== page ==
In the end, the decision made by South Western's Lynne Mooradian seems only fitting.

Mooradian, who back in May as a junior won four YAIAA track and field championship gold medals for the second spring in a row, signed her NCAA National Letter of Intent on Wednesday afternoon at South Western High School. She will be attending the United States Military Academy at West Point.

"This is the culmination of four years of hard work," Mooradian said. "I can't thank my parents and coaches enough for supporting me. A lot of hard work, a lot of hard practices and academics too. It's not just sports, it is academics too. Everything I worked for, I feel I earned it when I signed my name. It was all worth something."

It might be little surprise that Mooradian selected a military academy. Her father, Steve, went to the Naval Academy in Annapolis, Md. while her mother, Deborah, graduated from the ROTC program at Duke and eventually became a pilot in the Navy. Lynne's brother, Mike, also graduated from South Western and is a third-year cadet at West Point.

Steve Mooradian said his son spent this semester at the Naval Academy as part of an exchange program to foster closer relations between the institutions.

As part of that, Mike will be a part of the traditional on-field "prisoner exchange" between Army and Navy before the football game on Dec. 12 in Philadelphia.

Despite all the military bloodline, Mooradian still weighed offers from outside the academies.

"It was actually a tough decision," Mooradian said. "I was being recruited by some Ivy League schools like Princeton and Dartmouth and even did a visit to Brown. I visited Army and Navy as well. I was stuck between civilian schools and military schools, but I came to realize that military institutions mean a little something more. The academics are the same, but you are going to get the challenges and the leadership training. You are going to be the best person possible when you come out of there. Once I decided that, the hardest decision was choosing between Navy and Army."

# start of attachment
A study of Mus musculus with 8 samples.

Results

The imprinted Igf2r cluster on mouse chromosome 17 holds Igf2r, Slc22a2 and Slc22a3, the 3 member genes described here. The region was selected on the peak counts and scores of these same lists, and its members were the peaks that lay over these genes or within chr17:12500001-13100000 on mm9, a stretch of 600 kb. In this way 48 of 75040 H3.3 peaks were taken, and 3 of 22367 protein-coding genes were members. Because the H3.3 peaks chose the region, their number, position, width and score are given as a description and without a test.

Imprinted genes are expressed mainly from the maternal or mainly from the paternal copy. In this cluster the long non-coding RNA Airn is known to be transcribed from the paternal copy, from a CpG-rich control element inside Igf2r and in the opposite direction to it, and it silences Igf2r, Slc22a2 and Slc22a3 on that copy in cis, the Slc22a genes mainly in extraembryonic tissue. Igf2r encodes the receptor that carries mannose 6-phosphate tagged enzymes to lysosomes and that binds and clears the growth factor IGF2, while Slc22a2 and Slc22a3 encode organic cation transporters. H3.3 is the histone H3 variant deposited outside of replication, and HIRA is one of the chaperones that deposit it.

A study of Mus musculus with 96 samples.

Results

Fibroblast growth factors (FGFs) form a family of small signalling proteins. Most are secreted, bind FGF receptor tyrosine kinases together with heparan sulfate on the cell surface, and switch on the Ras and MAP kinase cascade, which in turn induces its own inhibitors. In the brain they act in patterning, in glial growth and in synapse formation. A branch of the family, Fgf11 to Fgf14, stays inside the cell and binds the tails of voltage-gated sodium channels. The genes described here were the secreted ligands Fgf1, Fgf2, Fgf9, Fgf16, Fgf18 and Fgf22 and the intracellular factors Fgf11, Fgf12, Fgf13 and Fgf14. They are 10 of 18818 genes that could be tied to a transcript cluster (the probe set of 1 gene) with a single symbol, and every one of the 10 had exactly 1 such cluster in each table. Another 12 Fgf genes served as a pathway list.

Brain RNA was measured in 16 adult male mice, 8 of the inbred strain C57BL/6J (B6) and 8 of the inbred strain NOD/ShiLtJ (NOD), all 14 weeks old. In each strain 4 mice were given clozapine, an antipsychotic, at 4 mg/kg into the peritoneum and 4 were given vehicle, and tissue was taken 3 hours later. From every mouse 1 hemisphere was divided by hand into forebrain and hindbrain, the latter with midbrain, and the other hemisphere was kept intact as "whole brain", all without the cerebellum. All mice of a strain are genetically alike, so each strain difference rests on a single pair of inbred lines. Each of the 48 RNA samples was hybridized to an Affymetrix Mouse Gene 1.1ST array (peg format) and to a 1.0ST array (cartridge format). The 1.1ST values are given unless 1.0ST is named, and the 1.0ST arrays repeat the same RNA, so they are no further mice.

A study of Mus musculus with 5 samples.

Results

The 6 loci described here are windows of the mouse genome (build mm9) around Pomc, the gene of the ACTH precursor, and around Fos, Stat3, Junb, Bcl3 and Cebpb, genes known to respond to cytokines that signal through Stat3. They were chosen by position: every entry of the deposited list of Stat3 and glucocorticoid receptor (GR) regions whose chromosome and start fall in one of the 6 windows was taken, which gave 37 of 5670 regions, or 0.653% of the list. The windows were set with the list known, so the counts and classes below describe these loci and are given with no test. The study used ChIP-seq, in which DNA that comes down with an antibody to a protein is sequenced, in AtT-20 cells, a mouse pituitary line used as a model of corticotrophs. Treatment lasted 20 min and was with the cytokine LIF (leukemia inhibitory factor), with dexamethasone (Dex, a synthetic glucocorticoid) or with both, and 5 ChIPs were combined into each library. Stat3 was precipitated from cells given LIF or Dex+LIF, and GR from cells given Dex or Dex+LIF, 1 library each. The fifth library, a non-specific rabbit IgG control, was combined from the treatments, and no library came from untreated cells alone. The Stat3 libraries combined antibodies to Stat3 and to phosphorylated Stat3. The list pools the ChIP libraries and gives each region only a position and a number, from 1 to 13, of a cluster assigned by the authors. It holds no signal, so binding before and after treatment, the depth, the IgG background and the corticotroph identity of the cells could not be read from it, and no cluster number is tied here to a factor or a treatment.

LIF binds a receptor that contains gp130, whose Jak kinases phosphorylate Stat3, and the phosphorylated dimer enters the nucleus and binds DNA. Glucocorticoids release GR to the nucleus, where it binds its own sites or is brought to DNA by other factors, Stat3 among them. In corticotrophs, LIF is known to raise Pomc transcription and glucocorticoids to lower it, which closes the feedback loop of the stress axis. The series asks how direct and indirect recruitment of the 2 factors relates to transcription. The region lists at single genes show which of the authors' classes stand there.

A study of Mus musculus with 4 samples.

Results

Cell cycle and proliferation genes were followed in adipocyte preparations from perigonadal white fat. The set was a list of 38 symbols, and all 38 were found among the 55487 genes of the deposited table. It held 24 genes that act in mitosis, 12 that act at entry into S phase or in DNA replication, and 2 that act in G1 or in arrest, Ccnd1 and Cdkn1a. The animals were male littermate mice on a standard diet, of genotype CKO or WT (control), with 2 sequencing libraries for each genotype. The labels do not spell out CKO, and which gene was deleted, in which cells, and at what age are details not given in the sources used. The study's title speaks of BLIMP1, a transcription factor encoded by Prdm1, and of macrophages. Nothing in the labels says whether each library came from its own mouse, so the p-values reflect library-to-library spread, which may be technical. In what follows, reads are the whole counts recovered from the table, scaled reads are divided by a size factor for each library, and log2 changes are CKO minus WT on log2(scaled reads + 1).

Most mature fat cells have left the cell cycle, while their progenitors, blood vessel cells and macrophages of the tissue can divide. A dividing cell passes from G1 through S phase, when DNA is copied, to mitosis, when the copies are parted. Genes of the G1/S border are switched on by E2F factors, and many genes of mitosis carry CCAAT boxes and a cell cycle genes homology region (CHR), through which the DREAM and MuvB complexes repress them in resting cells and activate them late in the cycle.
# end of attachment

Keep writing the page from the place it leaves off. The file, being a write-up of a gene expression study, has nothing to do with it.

Mooradian said she has been to West Point "perhaps a half dozen or a dozen times" and really fell in love with the campus while there over the summer for a week-long seminar.

"The people I met were amazing," Mooradian said. "I never met people with such much integrity, just high-quality people. That was part of it. I then did an official visit for track about three or four weeks ago, and as soon as I stepped on campus, I just felt at home and thought to myself that this is where I need to be. I texted my Mom that night and said, 'I want West Point,' and she was like, 'You just got there.' but I knew."

As part of the commitment to West Point, Mooradian will have a five-year active duty commitment to complete upon graduation.

"I weighed that in the decision," Mooradian said. "But to me, it was not a con, but a pro. I'll get out and have a job for five years. A lot of kids can't say that when they graduate. And five years goes past very fast. I look at how fast the four years of high school have gone by. They have blown by."

Mooradian, who last season won PIAA state medals this spring in the 300 hurdles (6th place) and 100 dash (8th place) as well as District 3 medals in those two events and the 200, said the plan at Army is for her to try the heptathlon. She said they may also use her as needed in the sprints or hurdles.

South Western coach Bruce Lee, who has spent 31 years as a part of the Mustangs track program, credits her natural-born ability, some great parenting and an internal drive for her success. He noted that Mooradian has five PIAA state medals in four different events over the past two years.

"I think she is the best track and field athlete to come out of (the YAIAA) in my time," Lee said. "I haven't seen anybody with the range she has. She has won 11 different events in dual meets. There are only 18 events. I'm not saying she is the best in every event, but she has terrific range."

The fact that Fall National Letter of Intent day fell on Veteran's Day was not lost on Mooradian.

"It is a good coincidence," Mooradian said. "It's a good way to say thank you I guess. You hear 'Thank You for your service' a lot on Veteran's Day. Instead of saying it, this feels like I am doing something to say thank you. I am promising to serve to say thank you."